The Man who Plans Cannes
- India to grow at 7.5 per cent in 2016, faster than China: IMF
- Lalu Yadav, Amit Shah booked for 'Narbhakshi', 'Chara chor' comments
- Nehru's niece returns Sahitya Akademi Award, questions PM's silence on 'reign of terror'
- Delhi MLAs may get 400 per cent hike in salary
- American Airlines plane makes emergency landing after pilot dies mid-flight
Thierry Fremaux is one of the most influential figures in the film world, as the moving force behind the Cannes Film Festival. General Delegate of the festival and its artistic director for a decade, he also heads the Lumière Institute in Lyon. He speaks about what makes Cannes special, and why India has been chosen as the guest country at the 66th edition of the festival.
What's the mission of Cannes, in your view? What is your special imprint on the festival?
Every year for twelve days, people come from around the world to this small city in the south of France, to celebrate cinema. Cannes exists to tell the world that cinema is an art, cinema is an industry, cinema is a passion, cinema is alive. It is the greatest film festival in the world — not just in terms of the film competition but also in terms of the market it facilitates.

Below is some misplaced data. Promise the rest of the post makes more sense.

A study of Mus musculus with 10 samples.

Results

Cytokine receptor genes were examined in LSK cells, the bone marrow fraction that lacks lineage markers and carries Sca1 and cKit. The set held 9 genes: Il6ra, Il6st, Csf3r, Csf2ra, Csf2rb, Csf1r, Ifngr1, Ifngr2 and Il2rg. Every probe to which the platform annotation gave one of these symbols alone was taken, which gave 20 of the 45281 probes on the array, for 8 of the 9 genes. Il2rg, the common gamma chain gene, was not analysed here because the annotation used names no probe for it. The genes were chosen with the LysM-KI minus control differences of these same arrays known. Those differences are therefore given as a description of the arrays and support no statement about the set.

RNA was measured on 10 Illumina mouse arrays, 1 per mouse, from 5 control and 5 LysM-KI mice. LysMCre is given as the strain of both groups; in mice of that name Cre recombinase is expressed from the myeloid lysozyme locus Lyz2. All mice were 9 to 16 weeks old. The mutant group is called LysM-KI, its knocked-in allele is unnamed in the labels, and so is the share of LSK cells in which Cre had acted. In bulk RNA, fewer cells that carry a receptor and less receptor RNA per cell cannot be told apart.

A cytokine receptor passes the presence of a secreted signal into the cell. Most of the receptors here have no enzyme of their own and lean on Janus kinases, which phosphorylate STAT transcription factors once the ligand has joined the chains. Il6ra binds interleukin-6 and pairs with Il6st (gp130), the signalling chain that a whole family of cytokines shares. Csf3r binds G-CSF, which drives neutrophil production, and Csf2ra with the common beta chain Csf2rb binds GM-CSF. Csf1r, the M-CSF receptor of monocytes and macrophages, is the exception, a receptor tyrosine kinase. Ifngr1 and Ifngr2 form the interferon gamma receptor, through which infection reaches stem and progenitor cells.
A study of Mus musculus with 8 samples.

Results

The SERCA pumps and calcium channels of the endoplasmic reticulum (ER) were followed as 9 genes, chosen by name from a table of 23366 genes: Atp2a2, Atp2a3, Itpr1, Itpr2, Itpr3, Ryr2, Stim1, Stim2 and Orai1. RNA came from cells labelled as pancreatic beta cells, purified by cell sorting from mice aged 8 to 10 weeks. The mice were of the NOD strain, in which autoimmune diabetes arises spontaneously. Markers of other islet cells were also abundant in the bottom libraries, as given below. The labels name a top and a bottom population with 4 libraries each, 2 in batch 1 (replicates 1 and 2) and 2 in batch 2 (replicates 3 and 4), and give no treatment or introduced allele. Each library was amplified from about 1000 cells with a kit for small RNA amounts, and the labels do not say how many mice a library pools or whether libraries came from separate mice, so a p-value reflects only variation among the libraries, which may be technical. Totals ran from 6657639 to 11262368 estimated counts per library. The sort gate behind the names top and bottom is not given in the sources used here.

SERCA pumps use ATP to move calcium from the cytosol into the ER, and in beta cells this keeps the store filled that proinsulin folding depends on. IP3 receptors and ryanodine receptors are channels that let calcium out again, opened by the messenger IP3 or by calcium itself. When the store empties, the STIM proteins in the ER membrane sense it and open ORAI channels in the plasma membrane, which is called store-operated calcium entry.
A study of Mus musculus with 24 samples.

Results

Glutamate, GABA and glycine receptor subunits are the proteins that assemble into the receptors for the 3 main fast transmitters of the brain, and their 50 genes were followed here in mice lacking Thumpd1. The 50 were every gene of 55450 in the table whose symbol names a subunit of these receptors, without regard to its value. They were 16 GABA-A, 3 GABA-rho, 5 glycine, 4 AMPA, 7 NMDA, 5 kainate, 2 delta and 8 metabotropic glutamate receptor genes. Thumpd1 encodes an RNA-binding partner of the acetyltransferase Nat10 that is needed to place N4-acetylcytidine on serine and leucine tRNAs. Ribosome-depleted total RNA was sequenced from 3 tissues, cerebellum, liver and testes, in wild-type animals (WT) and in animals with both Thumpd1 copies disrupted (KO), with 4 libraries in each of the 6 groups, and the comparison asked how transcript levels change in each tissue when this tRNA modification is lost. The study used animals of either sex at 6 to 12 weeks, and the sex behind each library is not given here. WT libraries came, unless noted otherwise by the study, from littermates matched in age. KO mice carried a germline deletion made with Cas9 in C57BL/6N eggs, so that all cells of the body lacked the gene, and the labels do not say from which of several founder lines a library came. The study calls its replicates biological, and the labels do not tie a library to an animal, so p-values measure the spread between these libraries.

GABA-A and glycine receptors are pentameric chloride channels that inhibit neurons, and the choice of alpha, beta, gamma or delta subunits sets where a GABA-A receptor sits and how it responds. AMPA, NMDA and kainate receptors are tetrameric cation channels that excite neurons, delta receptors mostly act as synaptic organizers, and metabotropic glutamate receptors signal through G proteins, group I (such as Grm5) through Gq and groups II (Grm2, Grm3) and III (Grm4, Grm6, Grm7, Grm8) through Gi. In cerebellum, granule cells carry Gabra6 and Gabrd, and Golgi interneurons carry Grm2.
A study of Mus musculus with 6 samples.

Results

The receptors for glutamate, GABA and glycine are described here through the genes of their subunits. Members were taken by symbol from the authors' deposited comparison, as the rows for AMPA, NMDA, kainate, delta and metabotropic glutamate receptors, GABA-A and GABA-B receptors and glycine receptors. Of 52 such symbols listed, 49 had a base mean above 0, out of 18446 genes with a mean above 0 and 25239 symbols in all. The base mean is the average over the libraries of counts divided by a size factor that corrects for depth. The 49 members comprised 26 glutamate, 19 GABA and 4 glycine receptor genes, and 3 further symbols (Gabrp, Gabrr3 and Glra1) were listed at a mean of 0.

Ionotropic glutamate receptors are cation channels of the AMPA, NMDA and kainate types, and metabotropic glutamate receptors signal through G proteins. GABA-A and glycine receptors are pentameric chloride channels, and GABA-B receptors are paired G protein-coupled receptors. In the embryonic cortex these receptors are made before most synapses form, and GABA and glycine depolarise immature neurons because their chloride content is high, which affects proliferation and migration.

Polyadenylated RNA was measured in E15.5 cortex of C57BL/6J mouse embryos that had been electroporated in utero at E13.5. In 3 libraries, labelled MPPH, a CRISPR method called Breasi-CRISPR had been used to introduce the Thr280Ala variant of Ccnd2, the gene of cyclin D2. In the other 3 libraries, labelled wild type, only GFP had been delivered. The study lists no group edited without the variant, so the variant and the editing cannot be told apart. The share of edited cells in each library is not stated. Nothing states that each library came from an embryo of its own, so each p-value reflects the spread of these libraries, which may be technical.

What I've done in the last ten years is to manage a balance, between art and the market, between arthouse films and the red carpet. In fact, Indian cinema is a good example of that balance I've tried to achieve.
Could you elaborate on that?
Traditionally, we associated Indian cinema with the great auteurs — Satyajit Ray, Mrinal Sen, and so on. When I came on board, in 2001, I began with a Raj Kapoor retrospective, following it up with Devdas the next year. Bollywood was a revelation for everyone, and drew mixed reactions from the Western press. We went further with Shekhar Kapoor's documentary on Bollywood. Now, Bollywood is almost expected — it is that other tradition of auteur filmmaking that we miss. This year, as Indian cinema celebrates 100 years, we hope to focus on both strands, popular and arthouse, as well as the young "third wave" I have found very interesting.